An old-school gravedigger plies his trade

We take the full Measure of a Man with correspondent Mark Strassmann:

Milbridge, on Maine’s northern coast, is a “blink-and-you’ll-miss-it” sort of town.



“I’m just a country boy and a gravedigger,” Hall said. “Everybody likes me in town.  Everybody likes me all around the towns here.  I never had nobody say anything that was bad about my work.”

For the past 49 years, Hall has been perfecting what he considers his craft: digging graves entirely by hand.

And why does he work with a pick and shovel rather than a backhoe? “The families like to have it dug by hand,” he replied. “It’s a much neater job and it’s done right.”

Hall was born and raised in Milbridge. One of 12 children, he left school after eighth grade to earn money for his family. His job was working for a mason who made headstones. But one day he got an unexpected call from the town undertaker:

“He says, ‘The guy that digs graves for me is sick. Can you help me?’  ‘Well,’ I says, ‘sure.’”

He’s never forgotten Vincent and Laura Fernald, the first grave he ever dug, nor any of the others. “I buried all of them up in there, down through the years.”

Down through the years Hall estimates he has dug more than 2,500 graves. And he’s proud of every single one.



“It’s a gravedigger’s scrapbook,” said Strassmann.

“Yep. Yep. It’s a memorial book, of the memorial of the people that I’ve buried. I’ve buried kids, babies, infants, premature, old people, middle age. I buried a guy one time that was 102. Just the way of life, you know?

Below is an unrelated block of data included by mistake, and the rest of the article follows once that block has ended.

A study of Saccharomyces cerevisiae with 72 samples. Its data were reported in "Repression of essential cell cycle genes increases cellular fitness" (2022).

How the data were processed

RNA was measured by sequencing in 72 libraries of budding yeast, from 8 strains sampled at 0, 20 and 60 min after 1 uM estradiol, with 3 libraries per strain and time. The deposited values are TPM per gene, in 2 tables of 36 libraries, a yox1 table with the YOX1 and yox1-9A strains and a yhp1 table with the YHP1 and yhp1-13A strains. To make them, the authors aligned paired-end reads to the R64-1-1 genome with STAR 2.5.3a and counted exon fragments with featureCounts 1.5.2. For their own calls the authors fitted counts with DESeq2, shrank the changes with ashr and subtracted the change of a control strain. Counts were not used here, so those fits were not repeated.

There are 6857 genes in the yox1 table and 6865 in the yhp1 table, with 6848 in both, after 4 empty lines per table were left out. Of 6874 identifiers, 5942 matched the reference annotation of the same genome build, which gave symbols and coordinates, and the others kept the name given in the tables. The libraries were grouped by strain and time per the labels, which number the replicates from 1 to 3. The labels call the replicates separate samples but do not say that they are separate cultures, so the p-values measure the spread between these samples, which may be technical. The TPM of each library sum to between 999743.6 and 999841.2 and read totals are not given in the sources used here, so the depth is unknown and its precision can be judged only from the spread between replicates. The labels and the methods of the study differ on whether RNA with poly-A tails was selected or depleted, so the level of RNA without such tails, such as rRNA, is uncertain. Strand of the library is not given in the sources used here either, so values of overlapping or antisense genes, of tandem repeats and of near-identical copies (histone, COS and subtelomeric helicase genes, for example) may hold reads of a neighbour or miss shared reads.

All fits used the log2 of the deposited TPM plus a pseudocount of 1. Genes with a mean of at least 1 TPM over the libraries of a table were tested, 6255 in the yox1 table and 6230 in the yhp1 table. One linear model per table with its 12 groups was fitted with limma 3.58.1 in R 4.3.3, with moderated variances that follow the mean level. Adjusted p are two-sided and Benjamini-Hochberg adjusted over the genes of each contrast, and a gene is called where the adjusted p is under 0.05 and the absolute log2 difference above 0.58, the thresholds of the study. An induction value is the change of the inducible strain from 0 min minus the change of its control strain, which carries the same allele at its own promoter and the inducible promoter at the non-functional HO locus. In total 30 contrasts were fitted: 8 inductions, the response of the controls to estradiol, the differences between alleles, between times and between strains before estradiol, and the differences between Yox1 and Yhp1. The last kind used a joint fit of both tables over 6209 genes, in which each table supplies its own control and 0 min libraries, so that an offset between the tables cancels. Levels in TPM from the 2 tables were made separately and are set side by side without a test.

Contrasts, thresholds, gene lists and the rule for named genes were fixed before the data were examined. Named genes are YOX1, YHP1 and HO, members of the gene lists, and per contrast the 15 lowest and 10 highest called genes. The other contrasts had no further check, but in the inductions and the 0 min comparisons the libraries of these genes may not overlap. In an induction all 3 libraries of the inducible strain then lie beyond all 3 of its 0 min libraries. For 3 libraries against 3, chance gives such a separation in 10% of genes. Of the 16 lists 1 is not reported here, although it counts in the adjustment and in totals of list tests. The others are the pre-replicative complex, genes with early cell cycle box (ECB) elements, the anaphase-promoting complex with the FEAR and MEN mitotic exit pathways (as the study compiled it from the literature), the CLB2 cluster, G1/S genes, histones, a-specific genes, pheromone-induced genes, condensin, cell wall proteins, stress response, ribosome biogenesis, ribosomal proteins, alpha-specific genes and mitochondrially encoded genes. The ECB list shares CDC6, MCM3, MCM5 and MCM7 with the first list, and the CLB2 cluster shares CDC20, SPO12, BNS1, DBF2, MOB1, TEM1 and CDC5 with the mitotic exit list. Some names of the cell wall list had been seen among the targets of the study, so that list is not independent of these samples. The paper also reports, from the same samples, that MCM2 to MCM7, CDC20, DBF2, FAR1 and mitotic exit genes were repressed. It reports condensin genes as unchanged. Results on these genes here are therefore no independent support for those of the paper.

“I bury loved ones, strangers, alcoholics, drug addicts, whatever.”

He has dug graves for his own mother and father, a sister, and an aunt.



Whether it’s for a loved one or a stranger, his approach is the same. Every grave has to be perfect.

He measures out each one -- eight feet by four feet. Then he removes the sod in pieces, like a puzzle, so that he can put it back together exactly the same way.

“You have to start it right for it to end right,” Hall noted. “If you do it wrong at the beginning, it’s gonna look like hell when you get done.” 

Everard will be 72 this year.  But he’s going to keep at it as long as he can. 


And after a life spent around death, Everard Hall realizes that one day, someone will have to dig his grave.

“I’m hopin’ to do my grave myself,” he said. “But I got plenty of time.  God knows, He’s gonna let me know when it gets ready.”

“Yeah, but you could leave it up to somebody else to dig,” Strassmann said.

“Well, I could, yeah. But I got a plan. I wanna do it the way I want it done.  I don’t want it screwed up. I want it done the way I want it done.”